The elders told us that when God came to prepare the world he found three things in the land, a Dorobo (a hunter-gatherer), an elephant, and a serpent, all of which lived together.
After a time the Dorobo obtained a cow. One day the Dorobo said to the serpent: “Friend, why does my body always itch so that I have to scratch whenever you blow on me?” The serpent replied: “Oh, my father, I do not blow my bad breath on you on purpose.” At this the Dorobo remained silent, but that same evening he pick up his club and struck the serpent on the head and killed it.
The next day the elephant asked the Dorobo where the thin one was. The Dorobo replied that he did not know, but the elephant was aware that eh had killed it and that he refused to admit his guilt. During the night it rained heavily and the Dorobo was able to take his cow to graze, and he watered it at the puddles of rain.
They remained there many days and at length the elephant gave birth to a young one. After a time the puddles became dry except in one place.
Now the elephant used to go and eat grass, and when she had had enough to eat, she would return to drink at the puddle, lying down in the water and stirring it up so that when the Dorobo drove his cow to water he found it muddy. One day the Dorobo made an arrow and shot the elephant and killed it.
The young elephant went to another country. “The Dorobo is bad,” it said, “I will not live with him any longer. He first of all killed the snake and now he has killed mother. I will go away and not live with him again.”
On its arrival at another country the young elephant met a Maasai, who asked it where it came from. The young elephant replied: “ I come from the Dorobo’s kraal. He is living in the forest and he has killed the serpent and my mother.” The Maasai said: “Let us go there. I would like to see him.” They went and found the Dorobo’s hut, which God and turned upside down, and the door of which looked toward the sky.
God then called the Dorobo and said to him: “I wish you to come tomorrow morning for I have something to tell you. The Maasai heard this and in the morning he went and said to God: “I have come.” God told him to take an axe and to build a big kraal in three days. When it was ready, he was to go and search for a thin calf, which he would find in the forest. This he was to bring to the kraal and slaughter. The meat was to be tied up in the hide and not to be eaten. The hide was to be fastened outside the door of the hut, firewood was to be fetched and a bit fire lit, into which the meat was to be thrown. He was then to hide himself in the hut, and not to be startled when he heard a great noise outside resembling thunder.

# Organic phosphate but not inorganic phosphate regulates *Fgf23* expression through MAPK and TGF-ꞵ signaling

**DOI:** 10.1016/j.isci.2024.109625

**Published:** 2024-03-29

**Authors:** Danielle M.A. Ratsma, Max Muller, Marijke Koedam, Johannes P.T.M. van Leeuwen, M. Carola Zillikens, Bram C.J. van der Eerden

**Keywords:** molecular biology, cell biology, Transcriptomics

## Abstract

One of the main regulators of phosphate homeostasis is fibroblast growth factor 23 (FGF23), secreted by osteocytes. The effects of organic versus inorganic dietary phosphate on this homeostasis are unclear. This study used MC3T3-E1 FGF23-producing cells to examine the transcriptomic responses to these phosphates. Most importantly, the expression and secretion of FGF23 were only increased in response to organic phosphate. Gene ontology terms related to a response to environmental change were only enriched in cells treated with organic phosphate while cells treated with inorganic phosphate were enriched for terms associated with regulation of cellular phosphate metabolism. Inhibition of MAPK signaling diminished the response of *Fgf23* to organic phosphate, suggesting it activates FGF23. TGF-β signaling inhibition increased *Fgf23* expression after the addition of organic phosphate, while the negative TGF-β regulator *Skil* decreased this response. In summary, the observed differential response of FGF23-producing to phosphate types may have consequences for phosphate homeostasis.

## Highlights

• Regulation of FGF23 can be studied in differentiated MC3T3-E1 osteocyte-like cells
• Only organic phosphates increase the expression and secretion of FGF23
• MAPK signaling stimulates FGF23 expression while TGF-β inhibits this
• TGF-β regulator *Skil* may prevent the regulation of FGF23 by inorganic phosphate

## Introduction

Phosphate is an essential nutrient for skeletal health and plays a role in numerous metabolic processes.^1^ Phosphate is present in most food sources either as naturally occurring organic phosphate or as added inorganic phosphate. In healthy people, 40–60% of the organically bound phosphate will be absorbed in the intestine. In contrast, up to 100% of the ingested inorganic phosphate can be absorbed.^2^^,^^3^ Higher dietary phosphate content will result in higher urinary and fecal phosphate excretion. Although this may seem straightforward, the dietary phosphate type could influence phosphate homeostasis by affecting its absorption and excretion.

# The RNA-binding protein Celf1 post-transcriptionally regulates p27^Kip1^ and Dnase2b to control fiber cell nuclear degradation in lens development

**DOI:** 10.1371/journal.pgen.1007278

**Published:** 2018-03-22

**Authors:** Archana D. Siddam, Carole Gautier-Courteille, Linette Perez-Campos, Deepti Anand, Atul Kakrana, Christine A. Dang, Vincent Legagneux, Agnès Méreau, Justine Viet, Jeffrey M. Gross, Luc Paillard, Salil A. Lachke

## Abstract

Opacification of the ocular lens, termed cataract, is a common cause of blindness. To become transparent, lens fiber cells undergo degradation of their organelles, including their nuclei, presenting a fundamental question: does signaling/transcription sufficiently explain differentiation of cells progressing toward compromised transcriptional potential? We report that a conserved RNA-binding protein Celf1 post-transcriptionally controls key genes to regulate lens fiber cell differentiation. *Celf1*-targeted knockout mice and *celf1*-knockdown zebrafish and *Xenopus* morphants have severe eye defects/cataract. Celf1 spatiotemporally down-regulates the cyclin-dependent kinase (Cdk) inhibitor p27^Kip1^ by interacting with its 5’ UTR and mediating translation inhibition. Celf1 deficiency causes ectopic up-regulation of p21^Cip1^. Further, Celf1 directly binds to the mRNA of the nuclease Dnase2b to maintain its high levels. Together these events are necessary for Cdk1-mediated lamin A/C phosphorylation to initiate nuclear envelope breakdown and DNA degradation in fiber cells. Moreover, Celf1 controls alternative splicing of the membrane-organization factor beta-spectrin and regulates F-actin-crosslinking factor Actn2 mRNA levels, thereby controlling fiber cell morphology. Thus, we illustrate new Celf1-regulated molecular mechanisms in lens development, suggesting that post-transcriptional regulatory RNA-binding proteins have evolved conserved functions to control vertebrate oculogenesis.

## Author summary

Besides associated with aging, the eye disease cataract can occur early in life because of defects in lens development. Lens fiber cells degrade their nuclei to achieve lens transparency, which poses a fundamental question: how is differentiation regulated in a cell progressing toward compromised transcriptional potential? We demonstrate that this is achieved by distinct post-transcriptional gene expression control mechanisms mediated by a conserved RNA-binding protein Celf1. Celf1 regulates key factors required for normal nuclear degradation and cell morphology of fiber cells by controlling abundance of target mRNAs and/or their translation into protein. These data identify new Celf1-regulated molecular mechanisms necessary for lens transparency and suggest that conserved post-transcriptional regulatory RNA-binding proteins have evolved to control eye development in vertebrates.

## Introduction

The Maasai did as he was bid. He searched for a calf, which he found, and when he had slaughtered it he tied up the flesh in the hide. He fetched some firewood, lit a big fire, threw in the meat, and entered the hut leaving the fire burning outside.
God the caused a strip of hide to descend from heaven, which was suspended over the calf skin. Cattle at once commenced to descend one by one by the strip of hide until the whole of the kraal was filled, when the animals began to press against one another, and to break down the hut where the Maasai was.
The Maasai was startled and uttered an exclamation of astonishment. He then went outside the hut and found the strip of hide had been cut, after which no more cattle came down from heaven. God asked him whether the cattle that were there were sufficient, “for,” He said, “you will receive no more owing to your being surprised.”
The Maasai then went away and attended to the animals, which had been given him. The Dorobo lost the cattle and has had to shoot game for his food ever since.
Nowadays, if cattle are seen in the possession of other tribes, it is presumed that they have been stolen or found, and the Maasai say: “These are our animals, Let us go and take them, for God in olden days gave us all the cattle upon the earth.”